I recently received an e-mail with no title, but with this content:
“Calling All Graphic Designers!!! The City of New Braunfels Downtown Office has Launched a Branding Contest”
The email contained two attachments. The first was a page of basic instructions, and contest rules:
• The contest is open to professional graphic designers in Comal County
• The challenge is to develop a logo and positioning line with brand implementation that is representative of downtown New Braunfels, TX
• Each person may submit a maximum of two designs and positioning lines: first submission must be traditionally iconic of Downtown New Braunfels; second submission is open to creative discretion
• All submissions must be Vector format in a TIF file
• If a contest winner is selected, he/she will receive $500 and media coverage
The second attachment was the submission form.
I was quite surprised that such an important task would be left to a contest. Not only does this belittle the profession I work so hard to lift up to a higher standard, but makes branding sound like a “design” project.
So let me share my thoughts about this email and submission form.
Calling All Graphic Designers!!!
A logo is not a brand, and branding is not for graphic designers. Branding is done by marketing teams. A logo is created as a visual representation of the brand, and building a brand involves stuff like strategizing, researching, determining image and tone. It involves stuff like thoughts, feelings, perceptions, images, experiences, beliefs, and attitudes – even color. One just doesn’t just magically pump out a “cool” design – the design has to work, and work hard, and sometimes work for decades. (Note the snafu this week surrounding GAP trying to change their logo. Consumers revolted and the new logo was gone before it even had a chance to be implemented.)
Here at 50 Foot, we research our clients, their place in the marketplace, their objectives, their target audiences, and we work to capture the essence of what makes them unique. We rely on experience, time, and numerous resources to create logos and taglines (positioning lines). As a marketing and design team, we brainstorm until we get it right. It can take days or weeks or months. Ultimately, the copywriter finalizes or approves the tagline, and the designer puts the finishing touches on the logo. In the end, our client gets a stronger brand, one that is well thought out and hits their target audiences.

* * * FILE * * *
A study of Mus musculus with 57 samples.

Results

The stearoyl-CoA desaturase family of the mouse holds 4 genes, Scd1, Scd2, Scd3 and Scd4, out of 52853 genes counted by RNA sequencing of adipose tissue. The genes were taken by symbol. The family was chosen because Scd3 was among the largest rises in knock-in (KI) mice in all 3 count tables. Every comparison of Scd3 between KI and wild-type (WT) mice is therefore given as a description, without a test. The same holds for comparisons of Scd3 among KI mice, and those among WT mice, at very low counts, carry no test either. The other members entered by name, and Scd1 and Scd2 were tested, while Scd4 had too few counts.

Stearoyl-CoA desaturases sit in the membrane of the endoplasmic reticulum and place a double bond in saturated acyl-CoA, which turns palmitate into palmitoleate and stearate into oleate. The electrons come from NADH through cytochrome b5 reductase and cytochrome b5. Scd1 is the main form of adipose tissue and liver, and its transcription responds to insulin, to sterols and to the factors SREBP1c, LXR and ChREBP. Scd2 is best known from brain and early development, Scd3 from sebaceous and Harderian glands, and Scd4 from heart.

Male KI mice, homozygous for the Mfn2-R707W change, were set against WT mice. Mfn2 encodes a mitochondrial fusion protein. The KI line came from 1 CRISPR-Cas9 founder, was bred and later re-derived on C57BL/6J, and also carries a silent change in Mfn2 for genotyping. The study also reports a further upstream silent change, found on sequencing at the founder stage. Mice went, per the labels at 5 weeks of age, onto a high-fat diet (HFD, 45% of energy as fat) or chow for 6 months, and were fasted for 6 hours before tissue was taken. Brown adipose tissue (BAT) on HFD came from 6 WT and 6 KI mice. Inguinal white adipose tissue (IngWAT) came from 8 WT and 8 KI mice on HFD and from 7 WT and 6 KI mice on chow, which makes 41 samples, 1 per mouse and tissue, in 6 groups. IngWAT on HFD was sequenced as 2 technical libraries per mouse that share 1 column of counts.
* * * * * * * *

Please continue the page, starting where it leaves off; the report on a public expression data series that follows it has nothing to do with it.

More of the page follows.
“Open to professional graphic designers”
What constitutes professional designer? There is no licensing body for “professional graphic designer.” I have seen high school student call themselves “professional.” I have had clients come in with things like 72 dpi Photoshop files, or unusable drawings that they had paid a “professional” designer to create.
“With brand implementation that is representative of Downtown New Braunfels, Texas”
The Contest clearly states “with brand implementation.” Will the winning designer get to implement the plan? Will that implementation include payment? Or will the logo, tagline and implementation recommendations get handed off to someone else? Will that someone else understand how to use the design and implement the plan?
“If a contest winner is selected he/she will receive $500 and media coverage.”
Contests are not bad. I have won several, and in fact, won the Oyster Bake poster design contest two years in a row. The submission guidelines were very specific, it was open only to a select few, and the prize was $1,000. (Just for reference, did you know that the Fiesta poster contest prize is $5,000?) It was strictly a design contest, and the winning design was used for t-shirts, hats and promotional items, in addition to the poster. My winning design was worn by thousands; posters signed by me were coveted. It was great.
But before I entered the Oyster Bake contest – and before I think about entering any contest – I have to decide whether it’s worth spending otherwise billable time to take a chance on winning. If the prize money is decent and can help offset the billable hours I’ve lost, and if I get the kind of media coverage that will raise awareness of my business and/or generate some new clients, I’ll likely participate.
But I know that my talent and services are just as important as any other contractor in any other profession. Think about this… what if I have a $10,000 contest to build a house on my land that I want to live in. Say five houses get built, but in the end, I don’t like any of them, so no one wins the cash. But I get to keep all of the houses. Do you know of any contractor who would take that on?
I’m not expecting a prize package of $10,000 (and there are companies that pay that and more for a logo). But $500? Really? To create the visual signature and “brand” for the future of New Braunfels? A city that is close to reaching the magical population of 50,000 residents, at which time our classification changes from a rural community to a small urban city?
So if you were a designer, where would you put your efforts? Would you risk 40 billable hours for $500 or $5,000? And think about this – if talented designers aren’t going to risk it, what will the talent level be of those who do?